In a French study reported in JAMA Network Open, Thierry et al found that tumor burden assessed as plasma circulating tumor DNA (ctDNA) was significantly higher among patients with newly diagnosed metastatic colorectal cancer screened for a clinical trial after vs before the first COVID-19 lockdown in France.
The study involved analysis of patients undergoing blood screening for RAS and BRAF tumor status in the phase II PANIRINOX trial comparing FOLFIRINOX (leucovorin, fluorouracil, irinotecan, and oxaliplatin) vs modified FOLFOX (fluorouracil, leucovorin, and oxaliplatin), both in combination with panitumumab. Median plasma ctDNA concentrations were compared between 40 patients who were newly diagnosed and underwent screening between November 11, 2019, and March 9, 2020—before lockdown—and 40 newly diagnosed and screened between May 14 and September 3, 2020—after lockdown. ctDNA levels were also assessed in 188 patients undergoing screening from the start of the trial in June 2017, at 30 months before lockdown.
Median ctDNA concentrations were 17.3 ng/mL (interquartile range [IQR] = 9.57–43.78 ng/mL) among 40 patients newly diagnosed and screened before the lockdown vs 119.2 ng/mL (IQR = 43.38–315.8 ng/mL) among 40 newly diagnosed and screened after the lockdown (P < .001). The difference amounted to a 6.9-fold increase in postlockdown vs prelockdown ctDNA levels.
Among an additional 188 patients screened from the start of the trial, median ctDNA concentration was 13.0 ng/mL (IQR = 6.43–46.13 ng/mL).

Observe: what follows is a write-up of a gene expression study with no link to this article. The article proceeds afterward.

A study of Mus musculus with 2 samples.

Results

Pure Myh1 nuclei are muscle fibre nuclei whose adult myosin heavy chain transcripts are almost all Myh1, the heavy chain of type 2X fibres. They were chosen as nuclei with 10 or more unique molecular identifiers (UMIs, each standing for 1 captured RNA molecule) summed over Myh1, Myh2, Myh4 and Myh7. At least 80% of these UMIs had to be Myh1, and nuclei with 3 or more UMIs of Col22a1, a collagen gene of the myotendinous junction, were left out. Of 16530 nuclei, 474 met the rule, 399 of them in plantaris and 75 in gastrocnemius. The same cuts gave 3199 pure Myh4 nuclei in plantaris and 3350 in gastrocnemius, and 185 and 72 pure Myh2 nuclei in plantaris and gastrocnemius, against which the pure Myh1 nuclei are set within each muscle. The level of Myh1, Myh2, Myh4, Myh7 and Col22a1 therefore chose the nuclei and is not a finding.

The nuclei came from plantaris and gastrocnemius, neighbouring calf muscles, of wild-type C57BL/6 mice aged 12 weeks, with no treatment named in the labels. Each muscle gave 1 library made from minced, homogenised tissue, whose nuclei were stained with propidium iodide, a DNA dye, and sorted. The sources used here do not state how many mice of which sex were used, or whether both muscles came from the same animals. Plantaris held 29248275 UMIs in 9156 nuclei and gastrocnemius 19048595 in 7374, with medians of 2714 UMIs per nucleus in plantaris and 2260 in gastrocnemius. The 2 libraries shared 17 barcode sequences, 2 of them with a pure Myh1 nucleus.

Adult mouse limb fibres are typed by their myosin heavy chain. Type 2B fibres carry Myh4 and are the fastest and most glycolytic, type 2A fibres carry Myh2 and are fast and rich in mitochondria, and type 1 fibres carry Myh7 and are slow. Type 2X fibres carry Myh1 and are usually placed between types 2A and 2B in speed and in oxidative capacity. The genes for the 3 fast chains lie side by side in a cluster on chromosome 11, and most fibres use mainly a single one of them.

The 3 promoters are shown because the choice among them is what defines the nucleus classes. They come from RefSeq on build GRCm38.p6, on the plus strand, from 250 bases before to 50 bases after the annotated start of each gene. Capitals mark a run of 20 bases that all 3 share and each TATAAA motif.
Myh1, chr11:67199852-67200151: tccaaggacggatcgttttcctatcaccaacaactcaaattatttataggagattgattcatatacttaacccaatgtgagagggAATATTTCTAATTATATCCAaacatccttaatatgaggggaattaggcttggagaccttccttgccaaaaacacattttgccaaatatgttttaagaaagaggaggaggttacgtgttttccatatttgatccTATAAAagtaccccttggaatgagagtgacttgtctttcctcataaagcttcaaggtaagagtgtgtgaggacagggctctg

In analysis of 135 patients in the trial, median overall survival was 14.7 months (95% confidence interval [CI] = 8.8–18.0 months) vs 20.0 months (95% CI = 14.1–32.0 months) for patients with ctDNA greater than vs equal to or lower than the median ctDNA level of 24.4 ng/mL (hazard ratio = 1.74, 95% CI = 1.2–2.6, P =.005). Among 25 patients with ctDNA > 100 ng/mL vs 110 patients with ctDNA ≤ 100 ng/mL, the hazard ratio for overall survival was 2.00 (95% CI = 1.2–3.3, P =.009). As stated by the investigators, “This finding points to the potential adverse consequences of the COVID-19 pandemic and related lockdown.”
The investigators concluded, “This cohort study found that tumor burden differed between patients who received a metastatic colorectal cancer diagnosis before vs after the first COVID-19 lockdown in France. The findings of this study suggest that colorectal cancer is a major area for intervention to minimize pandemic-associated delays in screening, diagnosis, and treatment.”
Alain R. Thierry, PhD, of the Institut de Recherche en Cancérologie de Montpellier, Université de Montpellier, is the corresponding author for the JAMA Network Open article.
Disclosure: For full disclosures of the study authors, visit jamanetwork.com.The content in this post has not been reviewed by the American Society of Clinical Oncology, Inc. (ASCO®) and does not necessarily reflect the ideas and opinions of ASCO®.